Pseudomathematics is a form of mathematics-like activity that does not work within the framework, definitions, rules, or rigor of formal mathematical models. While any given pseudomathematical approach may work within some of these boundaries, for instance, by accepting or invoking most known mathematical definitions that apply, pseudomathematics inevitably disregards or explicitly discards a well-established or proven mechanism, falling back upon any number of demonstrably non-mathematical principles.
Some taxonomy of pseudomathematics
The following categories are rough characterisations of some particularly common pseudomathematical activities:
- Attempting to solve classical problems in terms that have been proven mathematically impossible;
- Misapprehending standard mathematical methods, and insisting that use or knowledge of higher mathematics is somehow cheating or misleading.
Attempts on classic unsolvable problems
Investigations in the first category are doomed to failure. At the very least a solution would indicate a contradiction within mathematics itself, a radical difficulty which would invalidate everyone's efforts to prove anything as trite.
- Squaring the circle: Given any circle drawing a square having the same area.
- Doubling the cube: Given any cube drawing a cube with twice its volume.
- Trisecting the angle: Given any angle dividing it into three smaller angles all of the same size.
For more than 2,000 years many people have tried and failed to find such constructions; the reasons were discovered in the 19th century, when it was proved that they are all impossible.
Pseudomathematics has equivalents in other scientific fields, such as physics. Examples include efforts to invent perpetual motion devices, efforts to disprove Einstein using Newtonian mechanics, and many other feats that are currently accepted as impossible. French psychoanalyst Jacques Lacan, and Bulgarian-French philosopher Julia Kristeva have been accused of misusing mathematics in their work; see Fashionable Nonsense (1998) by Alan Sokal and Jean Bricmont.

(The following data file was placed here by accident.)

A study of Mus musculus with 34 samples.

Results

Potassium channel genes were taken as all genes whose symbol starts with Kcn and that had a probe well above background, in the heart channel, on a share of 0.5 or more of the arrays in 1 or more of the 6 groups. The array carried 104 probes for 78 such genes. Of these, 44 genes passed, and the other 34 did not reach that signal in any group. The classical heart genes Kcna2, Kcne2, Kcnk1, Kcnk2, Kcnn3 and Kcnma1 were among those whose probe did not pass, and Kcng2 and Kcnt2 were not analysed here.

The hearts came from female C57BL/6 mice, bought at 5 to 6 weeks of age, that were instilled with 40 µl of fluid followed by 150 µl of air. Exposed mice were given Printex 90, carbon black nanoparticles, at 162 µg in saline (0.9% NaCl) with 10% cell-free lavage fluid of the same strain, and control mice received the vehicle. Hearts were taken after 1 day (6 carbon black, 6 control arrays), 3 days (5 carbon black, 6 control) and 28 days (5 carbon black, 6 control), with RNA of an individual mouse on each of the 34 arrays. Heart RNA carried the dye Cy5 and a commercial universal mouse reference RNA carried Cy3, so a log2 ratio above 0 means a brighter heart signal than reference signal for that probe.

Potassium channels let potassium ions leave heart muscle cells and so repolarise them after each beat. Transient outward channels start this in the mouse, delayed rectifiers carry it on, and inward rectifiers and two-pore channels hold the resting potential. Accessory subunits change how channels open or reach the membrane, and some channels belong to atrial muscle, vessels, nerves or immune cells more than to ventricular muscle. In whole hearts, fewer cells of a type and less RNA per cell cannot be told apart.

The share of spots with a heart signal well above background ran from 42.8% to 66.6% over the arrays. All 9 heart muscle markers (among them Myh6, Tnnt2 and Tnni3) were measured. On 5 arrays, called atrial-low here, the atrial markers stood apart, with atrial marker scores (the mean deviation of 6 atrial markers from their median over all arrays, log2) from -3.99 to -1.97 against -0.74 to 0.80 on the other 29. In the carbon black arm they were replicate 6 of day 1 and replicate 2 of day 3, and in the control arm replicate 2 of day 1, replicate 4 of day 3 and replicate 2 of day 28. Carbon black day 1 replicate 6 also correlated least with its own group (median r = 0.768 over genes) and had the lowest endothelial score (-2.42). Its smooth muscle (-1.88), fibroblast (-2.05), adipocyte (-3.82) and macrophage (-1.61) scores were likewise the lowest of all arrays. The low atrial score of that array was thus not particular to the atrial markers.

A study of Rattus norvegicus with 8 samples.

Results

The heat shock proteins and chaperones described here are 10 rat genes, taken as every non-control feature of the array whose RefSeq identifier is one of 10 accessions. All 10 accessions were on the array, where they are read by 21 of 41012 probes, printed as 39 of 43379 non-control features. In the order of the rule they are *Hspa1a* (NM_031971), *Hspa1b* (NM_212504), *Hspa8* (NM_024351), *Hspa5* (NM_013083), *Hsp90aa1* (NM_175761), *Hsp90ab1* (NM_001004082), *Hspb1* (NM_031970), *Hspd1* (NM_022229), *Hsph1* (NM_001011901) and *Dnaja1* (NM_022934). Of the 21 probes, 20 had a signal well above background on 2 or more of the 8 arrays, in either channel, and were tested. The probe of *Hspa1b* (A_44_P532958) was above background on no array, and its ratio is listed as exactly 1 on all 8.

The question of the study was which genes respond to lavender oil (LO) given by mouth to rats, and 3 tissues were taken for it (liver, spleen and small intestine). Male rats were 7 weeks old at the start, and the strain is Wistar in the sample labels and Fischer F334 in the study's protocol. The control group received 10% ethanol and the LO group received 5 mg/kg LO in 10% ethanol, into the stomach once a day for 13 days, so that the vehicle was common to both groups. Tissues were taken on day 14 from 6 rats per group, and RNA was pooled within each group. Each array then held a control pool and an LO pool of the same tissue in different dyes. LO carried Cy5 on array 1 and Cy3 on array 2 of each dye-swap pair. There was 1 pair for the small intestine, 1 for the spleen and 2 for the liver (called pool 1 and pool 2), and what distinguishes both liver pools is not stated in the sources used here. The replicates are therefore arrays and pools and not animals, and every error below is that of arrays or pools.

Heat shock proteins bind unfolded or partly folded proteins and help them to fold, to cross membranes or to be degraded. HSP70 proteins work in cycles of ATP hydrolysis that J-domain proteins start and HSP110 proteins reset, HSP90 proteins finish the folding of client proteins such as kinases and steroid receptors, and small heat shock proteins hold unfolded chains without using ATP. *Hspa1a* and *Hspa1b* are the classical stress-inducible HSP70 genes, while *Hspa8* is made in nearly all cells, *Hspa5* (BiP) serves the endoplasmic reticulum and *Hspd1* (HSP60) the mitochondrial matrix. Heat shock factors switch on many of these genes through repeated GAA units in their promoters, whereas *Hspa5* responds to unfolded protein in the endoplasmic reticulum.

Excessive pursuit of pseudomathematics can result in the practitioner being labelled a crank. The topic of mathematical "crankiness" has been extensively studied by Indiana mathematician Underwood Dudley, who has written several popular works about mathematical cranks and their ideas.
Not all mathematical research undertaken by amateur mathematicians is pseudomathematics. Many amateur mathematicians have produced genuinely solid new mathematical results. Indeed, there is no distinction between an amateur mathematically correct result and a professional mathematically correct result: results are either correct or incorrect, and pseudomathematical results, by relying on non-mathematical principles, are not about professionalism but about incorrectness arrived at by improper methodology.
- Sokal, Alan and Jean Bricmont (1998). Fashionable Nonsense: Postmodern Intellectuals Abuse of Science. Editions Odile Jacob, ISBN 0-312-20407-8
- Augustus De Morgan (1872), A Budget of Paradoxes, Volume I a Project Gutenberg
- Underwood Dudley (1992), Mathematical Cranks, Mathematical Association of America. ISBN 0-88385-507-0.
- Underwood Dudley (1996), The Trisectors, Mathematical Association of America. ISBN 0-88385-514-3.
- Underwood Dudley (1997), Numerology: Or, What Pythagoras Wrought, Mathematical Association of America. ISBN 0-88385-524-0.
- Clifford Pickover (1999), Strange Brains and Genius, Quill. ISBN 0-688-16894-9.